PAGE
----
Personal Health

Medical Credit Cards -- Future $150 Billion Industry Preys on Need for Easy Money

Do you want to have perfect teeth? Just sign on the dotted line. The terms sound generous: no down payment, 60 months of easy payments. But the interest will bite.

In Ulysses’ time, the sirens sang hauntingly beautiful songs to lure sailors to their doom. Today we have fiscal sirens. They don’t sing. They simply flash squares of plastic in front of hapless victims, thereby drowning them in red ink.

What is your heart’s desire? What do you need? What do you want? Over the past few decades lenders have blurred those lines: we grew to crave not just what we needed, but what we wanted, and if our hearts’ desires cost more than our dreary budgets, no matter. A lender would extend a plastic card.

Of course, the past twelve months have silenced a lot of those lenders. No more easy mortgages, even easier home equity loans, fewer ubiquitous credit card offers.

But a new siren has risen, proving that P.T. Barnum was right. We seem to be a nation of suckers, easily gullible marks for the latest legal siren: medical credit cards,.

The cards are not aimed primarily at those expenses that insurers cover, but at discretionary expenses, like teeth whitening, cosmetic surgery, lasik surgery, weight-loss programs.

Ostensibly medical credit cards offer patients an easy way to spread out payments. A tummy tuck costs roughly $10,000; lasik surgery, $2000; teeth-whitening, $500. A patient may not have the $10,000, $2000, even the $500, or may not want to pay the entire tab up front. By putting the charge on a medical credit card, the patient spreads out payments, provided he pays the interest charge, as well as the initial enrollment fee.

At the same time, these cards assure physicians, dentists, counselors – whoever contracts with the credit card companies – that they will be paid. If the patient doesn’t pay, the credit card company will have the responsibility of hassling the deadbeat, sending dunning letters, turning the uncollected bill over to a collection agency.

The companies market the cards primarily to providers. Without these cards, some providers face a much smaller market for their services. The potential demand is high: Many Americans would like perfect vision. Ditto for thin tummies and white teeth. But a lot of these would-be patients can’t readily pay the tab.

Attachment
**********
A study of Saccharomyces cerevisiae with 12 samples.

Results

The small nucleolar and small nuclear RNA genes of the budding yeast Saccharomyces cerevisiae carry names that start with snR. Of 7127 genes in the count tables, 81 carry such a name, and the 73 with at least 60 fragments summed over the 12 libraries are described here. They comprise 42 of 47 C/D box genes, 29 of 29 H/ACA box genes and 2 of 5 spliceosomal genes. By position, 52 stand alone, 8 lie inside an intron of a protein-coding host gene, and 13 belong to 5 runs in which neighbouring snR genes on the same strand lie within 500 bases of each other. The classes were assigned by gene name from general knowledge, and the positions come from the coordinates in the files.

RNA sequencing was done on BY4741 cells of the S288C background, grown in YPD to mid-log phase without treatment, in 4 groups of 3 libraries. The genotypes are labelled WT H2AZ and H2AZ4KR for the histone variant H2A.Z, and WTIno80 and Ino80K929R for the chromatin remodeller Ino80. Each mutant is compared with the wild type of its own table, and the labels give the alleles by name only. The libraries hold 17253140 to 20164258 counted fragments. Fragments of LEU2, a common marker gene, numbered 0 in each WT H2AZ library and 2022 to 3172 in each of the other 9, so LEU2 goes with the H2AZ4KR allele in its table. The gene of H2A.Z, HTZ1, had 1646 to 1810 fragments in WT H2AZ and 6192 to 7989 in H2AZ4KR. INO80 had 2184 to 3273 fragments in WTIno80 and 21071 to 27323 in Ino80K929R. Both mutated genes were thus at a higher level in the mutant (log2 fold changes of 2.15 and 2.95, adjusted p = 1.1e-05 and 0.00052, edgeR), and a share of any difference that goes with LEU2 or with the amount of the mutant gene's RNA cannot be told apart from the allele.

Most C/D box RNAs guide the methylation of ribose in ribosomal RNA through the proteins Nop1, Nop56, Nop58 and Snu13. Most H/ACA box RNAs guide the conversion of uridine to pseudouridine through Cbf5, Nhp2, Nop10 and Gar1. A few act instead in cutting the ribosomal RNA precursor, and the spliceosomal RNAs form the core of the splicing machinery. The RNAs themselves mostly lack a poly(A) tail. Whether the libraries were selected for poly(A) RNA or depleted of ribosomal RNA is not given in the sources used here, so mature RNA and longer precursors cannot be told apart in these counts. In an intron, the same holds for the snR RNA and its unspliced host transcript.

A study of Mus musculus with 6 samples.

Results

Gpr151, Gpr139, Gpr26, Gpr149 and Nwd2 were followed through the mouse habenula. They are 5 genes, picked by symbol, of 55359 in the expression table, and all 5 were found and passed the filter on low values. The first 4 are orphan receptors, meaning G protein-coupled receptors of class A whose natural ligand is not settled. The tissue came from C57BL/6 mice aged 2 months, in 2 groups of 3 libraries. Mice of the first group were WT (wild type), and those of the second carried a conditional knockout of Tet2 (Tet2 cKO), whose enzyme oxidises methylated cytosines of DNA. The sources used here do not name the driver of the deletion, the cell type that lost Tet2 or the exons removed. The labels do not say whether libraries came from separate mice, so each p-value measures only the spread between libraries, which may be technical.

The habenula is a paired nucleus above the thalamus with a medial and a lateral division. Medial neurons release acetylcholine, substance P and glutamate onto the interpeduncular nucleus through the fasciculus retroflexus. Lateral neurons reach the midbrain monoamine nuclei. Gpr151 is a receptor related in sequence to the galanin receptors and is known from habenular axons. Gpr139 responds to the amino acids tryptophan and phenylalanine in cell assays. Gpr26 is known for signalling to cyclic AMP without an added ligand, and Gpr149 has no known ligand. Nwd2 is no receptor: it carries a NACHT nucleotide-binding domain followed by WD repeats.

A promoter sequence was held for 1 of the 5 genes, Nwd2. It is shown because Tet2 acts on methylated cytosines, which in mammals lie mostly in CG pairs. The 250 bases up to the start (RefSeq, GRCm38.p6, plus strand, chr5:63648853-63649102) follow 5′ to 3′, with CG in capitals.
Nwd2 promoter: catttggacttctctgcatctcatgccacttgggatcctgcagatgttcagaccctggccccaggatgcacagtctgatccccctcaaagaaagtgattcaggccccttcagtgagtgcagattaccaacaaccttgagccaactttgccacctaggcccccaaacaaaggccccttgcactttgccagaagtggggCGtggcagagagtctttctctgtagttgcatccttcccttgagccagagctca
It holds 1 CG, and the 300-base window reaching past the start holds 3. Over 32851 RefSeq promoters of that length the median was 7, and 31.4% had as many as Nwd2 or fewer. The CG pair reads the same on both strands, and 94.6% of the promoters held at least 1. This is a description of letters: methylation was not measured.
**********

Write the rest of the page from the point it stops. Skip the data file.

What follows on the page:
The cards take away that worry. Now, thanks to easy credit, providers needn’t restrict their services to patients who can afford the procedures. The providers who contract with a medical credit card company will be paid, regardless of the fiscal straits of the patient.

With not-so-subtle advertising, the demand can truly soar. Do you want to be thin? To have perfect teeth? To throw away your eyeglasses? Just sign on the dotted line. The terms sound generous: no down payment, 60 months of easy payments.

For people who can pay, the credit cards are useful. For people who can’t, the credit cards are a danger, as threatening as any siren of old.

Marketing is aggressive. Economists expect the use of these cards to triple in another five years, to reach $150 billion.

For lenders, the cards are profitable. New enrollees pay a small sign-up fee, then no interest for as long as six months. Afterward, the interest rate mounts. Lenders generally ask for income, not credit history. One card offers a cheery statistic: for a $10,000 bill, you need pay only $300 a month, but doesn’t specify how long you will be paying. It is no surprise that the big consumer lenders, like Citibank and JP Morgan Chase, offer this medical line of credit.

Meddlesome state governments — the kind of meddling that free market enthusiasts deplore — have started to review these cards. The Attorneys General in New York and Minnesota are investigating some of the lenders, hoping to erect the kinds of safeguards that will keep even more Americans from falling deeply into debt — again.

Joan Retsinas is a sociologist who writes about health care in Providence, R.I. Email [email protected].